Klaas Bentein UGent (2013) ACTA CLASSICA. 56. p.1-28
abstract
In this article, I discuss constructions consisting of Ancient Greek εἰμί “I am” and a present, perfect or aorist participle. More in particular, I focus on those cases where the participle is said to have an ‘adjectival’ (i.e. property-referring) function. My main goal is to clarify the categorial status of the participle. I argue that the participle used in this type of construction should not be considered ‘adjectivized’, but rather located on an intracategorial continuum. I close the article by discussing the relationship between the concepts of ‘adjectival’ and ‘verbal’ periphrasis, showing that they should not be considered mutually exclusive, as has been previously assumed.
Please use this url to cite or link to this publication:
author
organization
year
type
journalArticle (original)
publication status
published
subject
keyword
verbal periphrasis, adjectival periphrasis, Ancient Greek, categorial status, intracategorial continuum, GRAMMAR, DISCOURSE, TRANSITIVITY, VERBAL PERIPHRASIS, participle
journal title
ACTA CLASSICA
Acta Class.
volume
56
pages
1 - 28
Web of Science type
Article
Web of Science id
000329443700001
ISSN
0065-1141
language
English
UGent publication?
yes
classification
A1
copyright statement
I have transferred the copyright for this publication to the publisher
id
2987517
handle
http://hdl.handle.net/1854/LU-2987517
date created
2012-09-15 13:17:45
date last changed
2014-08-25 16:54:30
@article{2987517,
  abstract     = {In this article, I discuss constructions consisting of Ancient Greek \ensuremath{\epsilon}\unmatched{1f30}\ensuremath{\mu}\unmatched{1f77} {\textquotedblleft}I am{\textquotedblright} and a present, perfect or aorist participle. More in particular, I focus on those cases where the participle is said to have an {\textquoteleft}adjectival{\textquoteright} (i.e. property-referring) function. My main goal is to clarify the categorial status of the participle. I argue that the participle used in this type of construction should not be considered {\textquoteleft}adjectivized{\textquoteright}, but rather located on an intracategorial continuum. I close the article by discussing the relationship between the concepts of {\textquoteleft}adjectival{\textquoteright} and {\textquoteleft}verbal{\textquoteright} periphrasis, showing that they should not be considered mutually exclusive, as has been previously assumed.},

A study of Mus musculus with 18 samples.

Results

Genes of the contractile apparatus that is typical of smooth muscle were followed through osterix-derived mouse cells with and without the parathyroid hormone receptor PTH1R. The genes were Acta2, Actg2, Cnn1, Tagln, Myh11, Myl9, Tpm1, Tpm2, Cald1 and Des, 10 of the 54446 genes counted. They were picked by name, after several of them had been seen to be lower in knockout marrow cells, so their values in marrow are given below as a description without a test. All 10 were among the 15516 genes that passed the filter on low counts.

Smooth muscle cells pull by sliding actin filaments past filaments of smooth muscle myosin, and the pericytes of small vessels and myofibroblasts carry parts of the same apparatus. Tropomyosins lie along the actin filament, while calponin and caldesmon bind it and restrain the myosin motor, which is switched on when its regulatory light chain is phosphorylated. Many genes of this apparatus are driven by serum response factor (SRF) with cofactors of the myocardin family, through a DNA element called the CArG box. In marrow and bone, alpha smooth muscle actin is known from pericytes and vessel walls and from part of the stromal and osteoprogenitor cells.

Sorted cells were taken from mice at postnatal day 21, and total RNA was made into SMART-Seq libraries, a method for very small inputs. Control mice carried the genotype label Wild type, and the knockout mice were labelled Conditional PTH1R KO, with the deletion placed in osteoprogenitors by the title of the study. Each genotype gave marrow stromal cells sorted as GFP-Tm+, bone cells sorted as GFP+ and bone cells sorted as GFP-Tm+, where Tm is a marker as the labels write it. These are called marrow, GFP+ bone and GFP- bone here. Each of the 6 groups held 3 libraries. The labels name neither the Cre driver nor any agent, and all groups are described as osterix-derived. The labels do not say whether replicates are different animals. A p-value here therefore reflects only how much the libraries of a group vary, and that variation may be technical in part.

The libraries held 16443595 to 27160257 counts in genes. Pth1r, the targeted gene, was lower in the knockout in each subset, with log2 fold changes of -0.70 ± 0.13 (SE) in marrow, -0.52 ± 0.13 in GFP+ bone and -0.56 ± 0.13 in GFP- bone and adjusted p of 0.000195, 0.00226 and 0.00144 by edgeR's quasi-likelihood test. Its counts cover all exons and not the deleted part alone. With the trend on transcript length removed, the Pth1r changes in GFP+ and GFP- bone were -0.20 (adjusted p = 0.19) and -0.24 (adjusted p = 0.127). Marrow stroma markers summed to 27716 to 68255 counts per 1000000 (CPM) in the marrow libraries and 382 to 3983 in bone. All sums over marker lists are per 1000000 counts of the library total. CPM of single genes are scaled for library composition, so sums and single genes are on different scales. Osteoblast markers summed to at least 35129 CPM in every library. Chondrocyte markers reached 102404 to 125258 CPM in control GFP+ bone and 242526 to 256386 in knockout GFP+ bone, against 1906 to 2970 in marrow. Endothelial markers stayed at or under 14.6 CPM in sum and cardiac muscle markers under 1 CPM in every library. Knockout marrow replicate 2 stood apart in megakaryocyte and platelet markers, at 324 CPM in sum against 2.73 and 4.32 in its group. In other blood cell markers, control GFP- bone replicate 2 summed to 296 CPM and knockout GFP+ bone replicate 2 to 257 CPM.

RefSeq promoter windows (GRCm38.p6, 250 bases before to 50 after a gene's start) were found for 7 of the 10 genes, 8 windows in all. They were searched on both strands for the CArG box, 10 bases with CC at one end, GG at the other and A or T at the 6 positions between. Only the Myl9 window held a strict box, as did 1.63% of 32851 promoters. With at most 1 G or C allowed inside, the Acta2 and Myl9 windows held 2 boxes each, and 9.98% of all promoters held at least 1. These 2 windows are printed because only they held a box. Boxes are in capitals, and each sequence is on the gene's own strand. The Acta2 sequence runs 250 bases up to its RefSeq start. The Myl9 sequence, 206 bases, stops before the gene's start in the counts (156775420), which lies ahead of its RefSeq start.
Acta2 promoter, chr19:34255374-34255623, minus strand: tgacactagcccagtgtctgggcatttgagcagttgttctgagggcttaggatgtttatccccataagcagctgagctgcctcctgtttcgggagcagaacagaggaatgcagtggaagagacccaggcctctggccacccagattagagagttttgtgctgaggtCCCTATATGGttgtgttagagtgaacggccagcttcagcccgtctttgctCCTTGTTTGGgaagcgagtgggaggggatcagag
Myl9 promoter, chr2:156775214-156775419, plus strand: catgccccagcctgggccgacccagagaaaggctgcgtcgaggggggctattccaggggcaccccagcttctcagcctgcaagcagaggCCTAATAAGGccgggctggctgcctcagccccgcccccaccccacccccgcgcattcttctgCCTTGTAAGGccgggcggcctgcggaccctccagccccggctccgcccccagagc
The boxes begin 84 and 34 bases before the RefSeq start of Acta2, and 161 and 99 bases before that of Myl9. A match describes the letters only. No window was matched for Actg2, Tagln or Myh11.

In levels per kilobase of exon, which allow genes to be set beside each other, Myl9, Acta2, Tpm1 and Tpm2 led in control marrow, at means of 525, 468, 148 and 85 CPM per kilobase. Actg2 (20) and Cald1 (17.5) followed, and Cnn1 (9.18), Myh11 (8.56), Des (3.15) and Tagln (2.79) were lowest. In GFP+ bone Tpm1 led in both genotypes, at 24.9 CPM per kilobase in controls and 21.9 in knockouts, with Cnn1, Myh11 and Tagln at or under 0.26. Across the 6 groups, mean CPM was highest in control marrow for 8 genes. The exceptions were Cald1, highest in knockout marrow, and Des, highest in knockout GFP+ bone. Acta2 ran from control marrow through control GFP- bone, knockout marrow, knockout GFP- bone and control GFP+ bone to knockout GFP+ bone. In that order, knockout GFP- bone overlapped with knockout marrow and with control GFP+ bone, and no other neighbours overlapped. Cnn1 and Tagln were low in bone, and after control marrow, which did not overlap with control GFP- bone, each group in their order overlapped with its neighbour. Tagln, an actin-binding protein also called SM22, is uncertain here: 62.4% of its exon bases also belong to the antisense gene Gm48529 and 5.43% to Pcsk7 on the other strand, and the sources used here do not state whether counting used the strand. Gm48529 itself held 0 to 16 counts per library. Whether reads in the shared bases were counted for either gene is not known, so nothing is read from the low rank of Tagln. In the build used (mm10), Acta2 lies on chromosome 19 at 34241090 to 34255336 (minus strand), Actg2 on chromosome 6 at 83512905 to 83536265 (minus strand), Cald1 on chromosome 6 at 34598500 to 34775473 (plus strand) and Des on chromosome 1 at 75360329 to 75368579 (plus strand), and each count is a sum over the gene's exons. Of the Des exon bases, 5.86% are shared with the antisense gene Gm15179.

author       = {Bentein, Klaas},
  issn         = {0065-1141},
  journal      = {ACTA CLASSICA},
  keyword      = {verbal periphrasis,adjectival periphrasis,Ancient Greek,categorial status,intracategorial continuum,GRAMMAR,DISCOURSE,TRANSITIVITY,VERBAL PERIPHRASIS,participle},
  language     = {eng},
  pages        = {1--28},
  title        = {Adjectival periphrasis in Ancient Greek: the categorial status of the participle},
  volume       = {56},
  year         = {2013},
}

Chicago
Bentein, Klaas. 2013. “Adjectival Periphrasis in Ancient Greek: The Categorial Status of the Participle.” Acta Classica 56: 1–28.
APA
Bentein, K. (2013). Adjectival periphrasis in Ancient Greek: the categorial status of the participle. ACTA CLASSICA, 56, 1–28.
Vancouver
1.
Bentein K. Adjectival periphrasis in Ancient Greek: the categorial status of the participle. ACTA CLASSICA. 2013;56:1–28.
MLA
Bentein, Klaas. “Adjectival Periphrasis in Ancient Greek: The Categorial Status of the Participle.” ACTA CLASSICA 56 (2013): 1–28. Print.